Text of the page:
Paris police destroyed an informal migrant camp outside the Stade de France yesterday, bussing residents to temporary shelters in the region.
It is the 65th time Paris police have dismantled a migrant camp in the city in the last five years, only for new ones to spring up.
Police said yesterday's operation was motivated by concerns over the spread of coronavirus in the overcrowded camp.
Gerald Darmanin, the French interior minister, confirmed the rationale tweeting that the camp's inhabitants were living in "miserable conditions".
Police arrived at the camp before dawn and ordered residents to clear the area and board buses, leading to a crush.
Police later deployed tear gas in an effort to maintain control and disperse the large crowds, according to a Reuters report.
Hours after the operation had started, hundreds of residents were still waiting to board buses.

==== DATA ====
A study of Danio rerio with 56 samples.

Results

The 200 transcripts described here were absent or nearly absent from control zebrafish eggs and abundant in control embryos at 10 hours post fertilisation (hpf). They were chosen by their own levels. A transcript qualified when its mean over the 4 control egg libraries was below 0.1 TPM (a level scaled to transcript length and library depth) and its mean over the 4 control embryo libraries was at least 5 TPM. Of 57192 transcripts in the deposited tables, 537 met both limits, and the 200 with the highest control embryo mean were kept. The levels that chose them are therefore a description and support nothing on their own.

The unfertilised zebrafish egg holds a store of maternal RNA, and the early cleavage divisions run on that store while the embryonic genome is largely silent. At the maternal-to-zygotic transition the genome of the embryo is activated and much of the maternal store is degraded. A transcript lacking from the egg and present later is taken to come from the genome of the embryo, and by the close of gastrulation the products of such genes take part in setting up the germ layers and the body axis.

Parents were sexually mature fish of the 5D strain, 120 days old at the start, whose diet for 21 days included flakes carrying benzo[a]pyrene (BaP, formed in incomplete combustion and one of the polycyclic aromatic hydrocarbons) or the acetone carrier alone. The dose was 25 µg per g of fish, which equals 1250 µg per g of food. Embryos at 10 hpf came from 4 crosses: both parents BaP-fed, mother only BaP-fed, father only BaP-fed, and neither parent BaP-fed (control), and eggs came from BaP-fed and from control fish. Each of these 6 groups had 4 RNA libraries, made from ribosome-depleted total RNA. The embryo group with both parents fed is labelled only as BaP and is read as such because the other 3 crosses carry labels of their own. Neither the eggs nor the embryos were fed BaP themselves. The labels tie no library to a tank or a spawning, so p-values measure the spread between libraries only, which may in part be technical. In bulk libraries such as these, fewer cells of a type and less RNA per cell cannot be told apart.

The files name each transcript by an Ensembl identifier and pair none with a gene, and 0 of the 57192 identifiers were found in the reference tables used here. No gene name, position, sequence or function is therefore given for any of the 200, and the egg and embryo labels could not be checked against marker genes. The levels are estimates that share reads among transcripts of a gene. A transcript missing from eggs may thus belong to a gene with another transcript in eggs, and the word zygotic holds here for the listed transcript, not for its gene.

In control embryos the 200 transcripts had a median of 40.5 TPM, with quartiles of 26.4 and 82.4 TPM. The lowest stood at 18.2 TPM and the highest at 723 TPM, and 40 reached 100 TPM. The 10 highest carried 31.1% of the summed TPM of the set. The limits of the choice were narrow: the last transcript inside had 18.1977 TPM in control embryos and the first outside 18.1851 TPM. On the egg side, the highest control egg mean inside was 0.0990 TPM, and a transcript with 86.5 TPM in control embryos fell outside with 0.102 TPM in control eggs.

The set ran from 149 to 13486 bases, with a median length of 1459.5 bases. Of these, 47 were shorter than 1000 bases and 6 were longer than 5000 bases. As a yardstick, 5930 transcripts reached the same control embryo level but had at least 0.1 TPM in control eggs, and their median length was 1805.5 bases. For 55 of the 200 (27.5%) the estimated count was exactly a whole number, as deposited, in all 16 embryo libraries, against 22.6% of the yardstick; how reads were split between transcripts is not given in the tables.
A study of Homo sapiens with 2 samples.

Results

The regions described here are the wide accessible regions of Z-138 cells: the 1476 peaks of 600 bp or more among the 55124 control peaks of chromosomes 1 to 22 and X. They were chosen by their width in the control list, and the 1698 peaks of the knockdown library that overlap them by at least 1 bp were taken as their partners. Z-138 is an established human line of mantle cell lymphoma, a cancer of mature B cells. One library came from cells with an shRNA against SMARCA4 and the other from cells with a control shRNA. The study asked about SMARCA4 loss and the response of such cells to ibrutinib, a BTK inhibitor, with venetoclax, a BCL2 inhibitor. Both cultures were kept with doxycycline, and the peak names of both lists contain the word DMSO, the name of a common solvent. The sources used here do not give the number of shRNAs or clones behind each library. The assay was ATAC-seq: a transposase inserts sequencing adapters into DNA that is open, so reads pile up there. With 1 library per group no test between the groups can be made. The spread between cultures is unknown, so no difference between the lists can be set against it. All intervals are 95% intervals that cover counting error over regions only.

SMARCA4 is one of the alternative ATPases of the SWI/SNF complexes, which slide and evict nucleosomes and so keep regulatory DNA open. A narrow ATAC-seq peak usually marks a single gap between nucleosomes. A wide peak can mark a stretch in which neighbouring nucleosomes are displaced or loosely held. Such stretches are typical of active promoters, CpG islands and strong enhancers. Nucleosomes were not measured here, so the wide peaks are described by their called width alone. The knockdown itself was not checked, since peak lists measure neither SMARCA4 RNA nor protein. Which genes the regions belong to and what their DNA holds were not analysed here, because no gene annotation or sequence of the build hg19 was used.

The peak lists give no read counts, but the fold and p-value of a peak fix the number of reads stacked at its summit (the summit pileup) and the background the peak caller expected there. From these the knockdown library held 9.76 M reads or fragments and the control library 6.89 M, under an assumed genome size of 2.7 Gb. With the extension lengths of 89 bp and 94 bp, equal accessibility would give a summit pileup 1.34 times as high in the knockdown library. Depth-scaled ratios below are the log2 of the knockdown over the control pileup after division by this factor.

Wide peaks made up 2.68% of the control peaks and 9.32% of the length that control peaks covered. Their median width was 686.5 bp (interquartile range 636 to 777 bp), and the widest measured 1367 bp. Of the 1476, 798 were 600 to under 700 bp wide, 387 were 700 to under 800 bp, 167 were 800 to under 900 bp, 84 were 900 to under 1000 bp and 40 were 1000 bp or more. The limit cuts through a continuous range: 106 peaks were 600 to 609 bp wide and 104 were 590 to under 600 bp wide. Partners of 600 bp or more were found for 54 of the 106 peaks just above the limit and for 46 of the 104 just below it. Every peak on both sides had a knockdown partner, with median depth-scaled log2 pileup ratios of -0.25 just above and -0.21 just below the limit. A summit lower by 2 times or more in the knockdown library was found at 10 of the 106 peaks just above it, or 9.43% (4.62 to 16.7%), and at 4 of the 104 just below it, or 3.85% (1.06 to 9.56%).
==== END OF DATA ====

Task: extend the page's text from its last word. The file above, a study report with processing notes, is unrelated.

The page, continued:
An estimated 2,400 migrants, primarily asylum seekers from conflict zones, including Afghanistan, Sudan and Somalia, were living in the camp.
They moved to site next to the Stade de France in August, five months after the evacuation of their previous camp a few miles away.
The operation has sparked a backlash from local mayors, whose council buildings and sports centres have been requisitioned by the French government to house migrants.
One of the buildings is a gymnasium in the town of Bry-sur-Marne, near Disneyland.
Charles Aslangul, the local mayor, has complained the government requisitioned the gymnasium and used it to house migrants without consulting him, the Times reported.
Aslangul said it would be "unacceptable" to do so again and complained it would prevent the town's children from using the facility once it re-opens when coronavirus restrictions are lifted.
The operation has also angered a group of French charities which denounced the "endless and destructive cycle" of migrant camp evacuations in Paris in a statement yesterday.
The 30 charities called on the French government to find "new solutions" for housing migrants and asylum seekers.
French police have cleared dozens of camps in the Paris region in recent years, but a failure to find long-term accommodation for residents has resulted in informal settlements reappearing.
Several observers claim the evictions are a symbolic move, intended to show the state cracking down on migrants without addressing the underlying issues.